One of the mainstays of library services is preschool storytime. Unfortunately, the past two years have impacted many of the in-person programs that were once offered on a regular basis. Storytimes are being offered once again, but with some restrictions, like social distancing and how many people can attend. Plus, many families are still uncomfortable bringing their children into public spaces.  

With that in mind, I would like to offer families an alternative… you can create your own storytime! I realize it’s different than having other children to interact and socialize with, but it can still be an opportunity to introduce early literacy at home and empower your child to take a leadership role in what a storytime might look like. 

Here are some suggestions to help you and your child pull it all together: 

  • Many children’s librarians (myself included) will first think of a theme for their storytimes. When I plan a storytime, I think about fun ideas that might pique a child’s curiosity or imagination. The themes don’t have to be life altering or world changing; they can be as simple as stories with ducks, or cars and trucks. (You get the picture.) The benefit of developing a home storytime is that you and your child can talk about this together. For more thoughts on the nuts and bolts of storytimes, you can also check out Elinor Anderson’s blog post, Storytime at Home.
  • After you decide on a theme, the next step is to find the books. One of the services we provide at JCLS is Discovery. This is where a librarian will curate and email you a book list on any topic you are interested in. You can then choose which books appeal to you. Of course, you can also visit the library and ask a librarian for book recommendations. We’ll be happy to find books for you as well. Another neat service the library offers is the Storytime @ Home bag. Each bag includes a handful of books revolving around a theme, some songs and rhymes that you can do at home, a toy or game that helps reinforce concepts and help with motor skills, activities that help expand on early literacy and learning, and a coloring sheet with crayons. There are bags in English, Spanish/español, or bilingual. All you have to do is search for “Storytime @ Home bag” in the catalog and it will bring you right to it.
  • When you have your books picked out, it’s time to think about the structure of your storytime. The following is an example of how I generally structure my storytimes at the library: 
    • Beginning – I usually start with an opening song. Here is a simple and easy opening song adapted from the tune If You’re Happy and You Know It: “If you want to hear a story, clap your hands / If you want to hear a story, clap your hands / If you want to hear a story, if you want to hear a story, if you want to hear a story, clap your hands.” Then you can substitute clap your hands with stomp your feet, flap your arms, jump up and down, and finally end with find your seat.
    • Middle – After the opening song, I begin reading my first book. After a book or two I’ll introduce another song like The Wheels on The Bus, or Head Shoulder Knees and Toes. (You can also make up songs from tunes you already know). A fun addition might be simple percussion instruments made from paper towel tubes. You can either tape or staple the end closed and add rice or beans, or you can make two and have your child tap them together. (One word of advice, staples can be sharp so it’s best to cover them with heavy-duty tape).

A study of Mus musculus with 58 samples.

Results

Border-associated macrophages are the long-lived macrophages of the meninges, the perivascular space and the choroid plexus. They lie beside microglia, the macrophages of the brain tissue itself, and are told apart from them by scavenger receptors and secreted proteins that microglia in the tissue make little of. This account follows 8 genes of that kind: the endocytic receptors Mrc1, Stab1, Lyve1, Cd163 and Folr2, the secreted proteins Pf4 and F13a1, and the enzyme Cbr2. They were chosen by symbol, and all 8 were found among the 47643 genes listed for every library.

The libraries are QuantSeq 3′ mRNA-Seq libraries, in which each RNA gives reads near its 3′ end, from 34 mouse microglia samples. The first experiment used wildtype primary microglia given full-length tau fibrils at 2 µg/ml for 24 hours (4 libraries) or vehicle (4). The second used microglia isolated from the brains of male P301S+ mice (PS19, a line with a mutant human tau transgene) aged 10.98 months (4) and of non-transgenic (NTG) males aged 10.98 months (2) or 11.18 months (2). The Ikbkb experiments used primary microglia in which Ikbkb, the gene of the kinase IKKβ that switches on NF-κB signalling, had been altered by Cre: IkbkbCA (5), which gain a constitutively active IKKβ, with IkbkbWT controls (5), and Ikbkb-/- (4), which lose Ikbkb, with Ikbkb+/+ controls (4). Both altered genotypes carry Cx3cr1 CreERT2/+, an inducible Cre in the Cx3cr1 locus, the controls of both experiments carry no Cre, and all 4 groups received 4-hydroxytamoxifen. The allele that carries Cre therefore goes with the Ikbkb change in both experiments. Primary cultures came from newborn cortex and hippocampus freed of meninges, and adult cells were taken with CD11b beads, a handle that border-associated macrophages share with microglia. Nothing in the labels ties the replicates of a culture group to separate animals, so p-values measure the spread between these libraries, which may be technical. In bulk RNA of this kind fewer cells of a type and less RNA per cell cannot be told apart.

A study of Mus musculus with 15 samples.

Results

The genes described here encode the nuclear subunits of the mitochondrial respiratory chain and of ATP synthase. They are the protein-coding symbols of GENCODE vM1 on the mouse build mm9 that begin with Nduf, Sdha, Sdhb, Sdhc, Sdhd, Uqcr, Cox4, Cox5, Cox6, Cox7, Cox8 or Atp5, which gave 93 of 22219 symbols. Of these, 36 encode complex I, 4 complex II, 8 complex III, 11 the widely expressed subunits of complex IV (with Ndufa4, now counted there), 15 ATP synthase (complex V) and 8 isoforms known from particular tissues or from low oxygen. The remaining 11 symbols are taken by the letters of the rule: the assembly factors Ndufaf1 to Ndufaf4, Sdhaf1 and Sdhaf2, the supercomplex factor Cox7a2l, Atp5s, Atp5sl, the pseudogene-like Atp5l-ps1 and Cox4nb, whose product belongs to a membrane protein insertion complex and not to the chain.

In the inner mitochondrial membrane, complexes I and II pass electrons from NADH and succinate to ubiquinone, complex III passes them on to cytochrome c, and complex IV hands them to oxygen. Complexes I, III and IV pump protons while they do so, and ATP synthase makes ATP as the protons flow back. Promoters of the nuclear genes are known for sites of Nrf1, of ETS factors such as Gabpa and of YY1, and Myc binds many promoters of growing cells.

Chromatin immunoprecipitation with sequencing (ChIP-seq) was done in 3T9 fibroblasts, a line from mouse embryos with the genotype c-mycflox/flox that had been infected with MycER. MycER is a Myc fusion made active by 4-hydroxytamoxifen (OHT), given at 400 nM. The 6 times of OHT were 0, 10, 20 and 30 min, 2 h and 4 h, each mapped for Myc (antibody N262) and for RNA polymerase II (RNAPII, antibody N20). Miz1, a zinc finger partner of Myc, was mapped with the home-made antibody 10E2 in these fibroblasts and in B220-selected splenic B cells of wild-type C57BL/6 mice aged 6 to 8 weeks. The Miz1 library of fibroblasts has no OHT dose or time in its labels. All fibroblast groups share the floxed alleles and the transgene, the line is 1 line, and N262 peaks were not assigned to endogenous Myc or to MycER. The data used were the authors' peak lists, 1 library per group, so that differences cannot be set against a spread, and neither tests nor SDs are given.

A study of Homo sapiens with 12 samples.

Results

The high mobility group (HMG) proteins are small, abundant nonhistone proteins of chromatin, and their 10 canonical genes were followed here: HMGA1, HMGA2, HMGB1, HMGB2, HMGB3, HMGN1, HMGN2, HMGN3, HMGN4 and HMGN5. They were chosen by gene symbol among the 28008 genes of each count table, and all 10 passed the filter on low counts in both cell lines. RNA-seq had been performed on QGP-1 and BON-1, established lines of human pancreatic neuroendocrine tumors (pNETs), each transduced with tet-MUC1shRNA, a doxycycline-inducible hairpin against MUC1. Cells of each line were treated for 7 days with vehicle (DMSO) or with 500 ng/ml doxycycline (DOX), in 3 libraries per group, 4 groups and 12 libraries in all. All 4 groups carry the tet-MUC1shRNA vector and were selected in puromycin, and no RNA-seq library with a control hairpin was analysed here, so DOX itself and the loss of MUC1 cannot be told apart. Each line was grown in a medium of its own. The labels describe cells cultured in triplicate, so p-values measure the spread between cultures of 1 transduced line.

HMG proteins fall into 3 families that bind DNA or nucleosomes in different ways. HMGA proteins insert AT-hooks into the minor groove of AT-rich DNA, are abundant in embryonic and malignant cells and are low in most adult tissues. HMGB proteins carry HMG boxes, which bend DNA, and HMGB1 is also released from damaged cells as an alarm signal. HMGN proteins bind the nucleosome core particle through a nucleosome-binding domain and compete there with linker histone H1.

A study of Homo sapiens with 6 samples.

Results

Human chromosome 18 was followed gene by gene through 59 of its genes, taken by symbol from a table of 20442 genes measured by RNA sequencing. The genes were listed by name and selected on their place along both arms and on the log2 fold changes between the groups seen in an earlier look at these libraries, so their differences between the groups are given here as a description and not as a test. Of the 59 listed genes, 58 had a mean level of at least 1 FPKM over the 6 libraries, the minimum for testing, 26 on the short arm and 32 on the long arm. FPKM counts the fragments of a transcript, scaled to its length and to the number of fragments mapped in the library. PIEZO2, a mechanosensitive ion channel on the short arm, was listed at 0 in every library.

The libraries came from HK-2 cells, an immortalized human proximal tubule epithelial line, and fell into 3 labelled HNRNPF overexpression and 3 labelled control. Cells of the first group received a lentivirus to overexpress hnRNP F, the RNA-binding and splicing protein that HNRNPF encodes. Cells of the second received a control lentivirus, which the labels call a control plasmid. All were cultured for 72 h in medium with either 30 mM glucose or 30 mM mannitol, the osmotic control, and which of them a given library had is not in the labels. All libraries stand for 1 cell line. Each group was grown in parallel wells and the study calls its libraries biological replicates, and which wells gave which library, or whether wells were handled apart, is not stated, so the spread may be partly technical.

• End – When I’ve read all my books and sung any extra songs, I end with a goodbye song; one I’ve used in the past is also adapted from the song If You’re Happy and You Know It. “Our storytime is over, wave goodbye / Our storytime is over, wave goodbye / Our storytime is done, I hope you had some fun / Our storytime is over, wave goodbye.” This is a great resource for more children’s songs.  
  • Now you have your books and your songs and a basic structure for how storytime will go, it’s time to create your space. Pick a spot where you have a bit of room, and gather any stuffies your child would like to participate in storytime. Have your child arrange them in a semi-circle. Don’t forget to make a space for your child as well. 
  • When you are sitting down, embrace the fun and say hello to a couple of the stuffie participants, make sure you also welcome your own child. 
  • To bring the theme of your storytime full circle, it might be fun to offer some activity you and your child can work on. If you would like to do this, but can’t think of an easy craft for a specific theme, most librarians have a whole treasure trove of crafts and activities they can share with you. There are also numerous books on the topic that you can view here, as well any number websites that offer simple and easy crafts with supplies found in your home. Here are 10 Crafts to Beat Boredom With Stuff You Already Have at Home (Parent Map) and 13 Easy Crafts for Kids to Make With 3 Supplies or Less (

Of course, you can also check out the library’s virtual storytimes that you and your child can enjoy together. Many of my virtual storytimes are connected to a blog post, with step-by-step instructions for different crafts and activities you can do at home. If that’s something that interests you, just go to the catalog, pop my name into the search box, and make sure you switch from the catalog to the website.

Storytimes are foundational to early literacy and a wonderful way to share the love of reading with your child. Just remember it doesn’t have to be perfect. At the end of the day, reading aloud, singing songs, and enjoying books together is what it’s all about, so relax and have fun!